To the uninitiated eye, shibori artistry is based on familiar forms — a quilt, a scarf, a wall hanging, a fabric flower. But the “Shibori Cut Loose” exhibit in the Joan Mondale Gallery at the Textile Center is anything but ordinary.
From a nine-yard-long gossamer sweep of pearl and indigo suspended from the ceiling to the subtle brilliance of Sue Cavanaugh’s best-of-show piece, “Kinship,” the works by 21 international artists invite you to not only appreciate but to wonder, “How did they do that?”
Shibori Cut Loose
The Textile Center
3000 University Ave. SE
Through July 19
A two-Thursday shibori class will run Aug. 21 and Aug. 28, 6–9 p.m. at the Textile Center.
Gallery and shop hours are Monday through Thursday, 10 a.m.–7 p.m.; Friday and Saturday, 10 a.m.–5 p.m. For more information, visit www.textilecentermn.org or call 612-436-0464.
Tie and smash
Shibori, simply put, is the eighth-century Japanese genesis of what one might fondly consider hippie tie-dye. But this ancient form employs more than rubber bands and plastic buckets of dye on the screened-in porch at summer camp.
It is properly referred to as “shaped-resist dyeing” and manipulates fabric one or more times using a bevy of techniques, with the goal being to prevent some areas from picking up the dye.
Cloth is first “shaped” with stitches, gathers, folds, pleats, tucks, plucks or pinches, and is then secured around such things as poles, beans, pebbles, even PCV pipe, with knots, clamps, or loops, in whatever combination of variables the artist fathoms. Fabric close to a binding implement does not take, or “resists,” the dye. The cloth then is immersed in a dye bath and later unbound.
Animal, plant and synthetic fibers respond differently to heat and dye, so the physical and chemical properties of the cloth are part of this art form’s alchemy. The heat process is such that “the fabric remembers the shape,” said Gallery Manager Sheryl Schwyhart.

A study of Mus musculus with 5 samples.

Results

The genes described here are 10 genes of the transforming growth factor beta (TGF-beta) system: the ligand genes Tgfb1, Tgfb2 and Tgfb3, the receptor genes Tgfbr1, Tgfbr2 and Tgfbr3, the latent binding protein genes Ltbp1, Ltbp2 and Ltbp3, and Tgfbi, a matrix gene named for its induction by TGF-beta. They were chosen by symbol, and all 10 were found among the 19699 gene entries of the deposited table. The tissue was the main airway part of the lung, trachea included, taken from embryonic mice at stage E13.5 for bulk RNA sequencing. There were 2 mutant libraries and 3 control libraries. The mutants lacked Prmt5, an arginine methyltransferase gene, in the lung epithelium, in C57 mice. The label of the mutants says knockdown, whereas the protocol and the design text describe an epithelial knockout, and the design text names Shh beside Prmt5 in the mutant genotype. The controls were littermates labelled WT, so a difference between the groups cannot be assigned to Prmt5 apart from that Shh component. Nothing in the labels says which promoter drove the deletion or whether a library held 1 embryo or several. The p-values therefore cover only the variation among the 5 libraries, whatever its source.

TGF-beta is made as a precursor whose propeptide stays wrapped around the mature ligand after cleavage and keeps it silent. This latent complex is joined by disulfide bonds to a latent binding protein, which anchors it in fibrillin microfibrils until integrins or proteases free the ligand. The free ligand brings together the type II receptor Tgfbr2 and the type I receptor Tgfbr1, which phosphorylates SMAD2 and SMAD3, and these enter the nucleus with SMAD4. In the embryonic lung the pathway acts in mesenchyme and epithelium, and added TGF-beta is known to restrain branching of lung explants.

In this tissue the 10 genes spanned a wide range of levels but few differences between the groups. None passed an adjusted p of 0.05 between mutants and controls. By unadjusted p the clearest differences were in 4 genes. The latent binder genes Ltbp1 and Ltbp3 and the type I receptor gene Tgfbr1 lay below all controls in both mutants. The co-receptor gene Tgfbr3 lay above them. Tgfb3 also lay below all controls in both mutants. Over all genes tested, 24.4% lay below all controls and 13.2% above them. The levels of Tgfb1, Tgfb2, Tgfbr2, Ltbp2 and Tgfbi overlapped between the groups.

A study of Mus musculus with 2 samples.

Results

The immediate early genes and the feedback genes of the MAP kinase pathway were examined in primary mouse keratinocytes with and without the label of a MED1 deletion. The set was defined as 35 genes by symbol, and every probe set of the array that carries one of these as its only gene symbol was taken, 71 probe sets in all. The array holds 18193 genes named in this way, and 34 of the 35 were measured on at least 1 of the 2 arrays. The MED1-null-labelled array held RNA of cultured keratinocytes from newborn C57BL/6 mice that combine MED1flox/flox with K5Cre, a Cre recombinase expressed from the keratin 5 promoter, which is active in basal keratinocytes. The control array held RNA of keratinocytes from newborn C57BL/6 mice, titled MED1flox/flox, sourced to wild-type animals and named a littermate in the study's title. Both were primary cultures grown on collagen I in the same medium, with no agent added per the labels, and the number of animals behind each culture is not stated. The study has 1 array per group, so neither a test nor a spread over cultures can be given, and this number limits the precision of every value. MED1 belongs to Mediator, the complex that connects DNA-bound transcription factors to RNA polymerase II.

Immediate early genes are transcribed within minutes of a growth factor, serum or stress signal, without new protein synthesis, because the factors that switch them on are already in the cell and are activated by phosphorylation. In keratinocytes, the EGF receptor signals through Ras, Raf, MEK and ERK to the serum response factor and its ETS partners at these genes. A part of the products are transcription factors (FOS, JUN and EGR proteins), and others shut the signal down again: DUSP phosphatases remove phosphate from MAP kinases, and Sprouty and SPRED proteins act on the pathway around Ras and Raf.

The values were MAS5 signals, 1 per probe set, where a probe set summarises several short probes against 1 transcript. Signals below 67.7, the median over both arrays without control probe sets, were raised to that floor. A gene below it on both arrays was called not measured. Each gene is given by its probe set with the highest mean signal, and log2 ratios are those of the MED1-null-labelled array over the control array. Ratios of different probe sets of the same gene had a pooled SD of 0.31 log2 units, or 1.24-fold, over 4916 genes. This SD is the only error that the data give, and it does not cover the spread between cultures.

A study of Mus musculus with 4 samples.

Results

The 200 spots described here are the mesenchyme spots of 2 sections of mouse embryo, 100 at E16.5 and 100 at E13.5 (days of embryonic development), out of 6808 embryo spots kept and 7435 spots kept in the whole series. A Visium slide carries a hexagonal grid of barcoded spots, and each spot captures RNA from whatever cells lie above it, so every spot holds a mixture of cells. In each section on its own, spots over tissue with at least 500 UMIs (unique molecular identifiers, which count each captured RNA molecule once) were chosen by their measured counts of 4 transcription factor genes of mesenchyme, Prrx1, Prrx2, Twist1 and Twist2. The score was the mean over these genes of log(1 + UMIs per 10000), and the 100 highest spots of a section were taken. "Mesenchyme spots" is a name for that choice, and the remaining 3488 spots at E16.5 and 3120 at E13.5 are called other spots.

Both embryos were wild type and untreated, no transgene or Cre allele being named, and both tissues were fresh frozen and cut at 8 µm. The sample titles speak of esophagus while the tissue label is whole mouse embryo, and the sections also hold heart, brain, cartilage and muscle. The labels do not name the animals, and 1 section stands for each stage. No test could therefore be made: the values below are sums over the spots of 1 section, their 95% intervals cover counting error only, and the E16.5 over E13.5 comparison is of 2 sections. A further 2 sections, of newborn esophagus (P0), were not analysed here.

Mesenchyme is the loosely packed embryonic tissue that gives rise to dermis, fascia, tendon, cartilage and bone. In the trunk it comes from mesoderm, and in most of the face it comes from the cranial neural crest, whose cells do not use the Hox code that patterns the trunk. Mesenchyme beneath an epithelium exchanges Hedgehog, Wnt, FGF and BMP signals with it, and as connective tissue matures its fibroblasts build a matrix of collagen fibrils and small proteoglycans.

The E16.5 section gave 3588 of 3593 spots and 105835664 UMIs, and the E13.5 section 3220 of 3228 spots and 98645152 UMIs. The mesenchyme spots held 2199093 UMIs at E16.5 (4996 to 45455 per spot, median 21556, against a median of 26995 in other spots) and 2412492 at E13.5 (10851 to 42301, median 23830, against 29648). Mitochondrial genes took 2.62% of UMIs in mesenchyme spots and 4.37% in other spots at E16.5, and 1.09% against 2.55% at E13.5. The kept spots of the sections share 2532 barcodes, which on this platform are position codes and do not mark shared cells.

This binding, dyeing and releasing treatment results in an evolution of colors, patterns and shapes, and, sometimes, the fabric’s transformation from two dimensions into three.
The exhibition’s name, “Cut Loose,” is a play on words signifying this unbinding, said Becka Rahn, the center’s education coordinator.
The gallery show displays work from an international field of artists. Two-dimensional and three-dimensional art in the forms of wall and ceiling hangings, tapestries, installations, quilted pieces, clothing, and clever and curious sculptures make up the exhibit.
A wide variety of shibori techniques are represented, such as “itajime,” a clamp-resist technique demonstrated in a preconference workshop by Yoshiko Wada, the symposium’s keynote speaker. Wada, a Japanese native, is an author, artist, curator, and teacher of this ancient art form, and is currently president of the World Shibori Network.
The center’s shibori symposium was held the first week of June and consisted of several classes and workshops offered by a field of international presenters. Last December, in conjunction with the planned symposium, a call for entries for an accompanying exhibition sounded around the shibori world.
Artists could submit up to two pieces. The 60 entries were juried by Wada and Ana Lisa Hedstrom, a shibori artist and symposium presenter whose own work reflects contemporary applications of the art form. From these entries, 25 pieces from 21 artists make up the show.
Over 200 fiber-art enthusiasts attended the exhibit’s June 6 opening reception; Wada’s keynote address that evening drew 150 participants.
Best of show
Cavanaugh’s Kinship was awarded best-of-show in this juried exhibition. The quilted piece started life as a large rectangle of white cotton sateen. It now beckons the eye to follow around in a field of asymmetrical circles, curves, and waves of blended green, gold and blue hues.
Seed stitches of red and gold peep out of the fabric, further engaging the imagination.
“The application of overdye is amazing,” said Schwyhart.
Cavanaugh explains her piece in a book of artist’s statements: “Using stitch-resistant shibori, the stitches are removed after dyeing. But their one-time existence leaves a permanent mark, much the way a fossil’s pattern reveals the existence of a form that once existed.”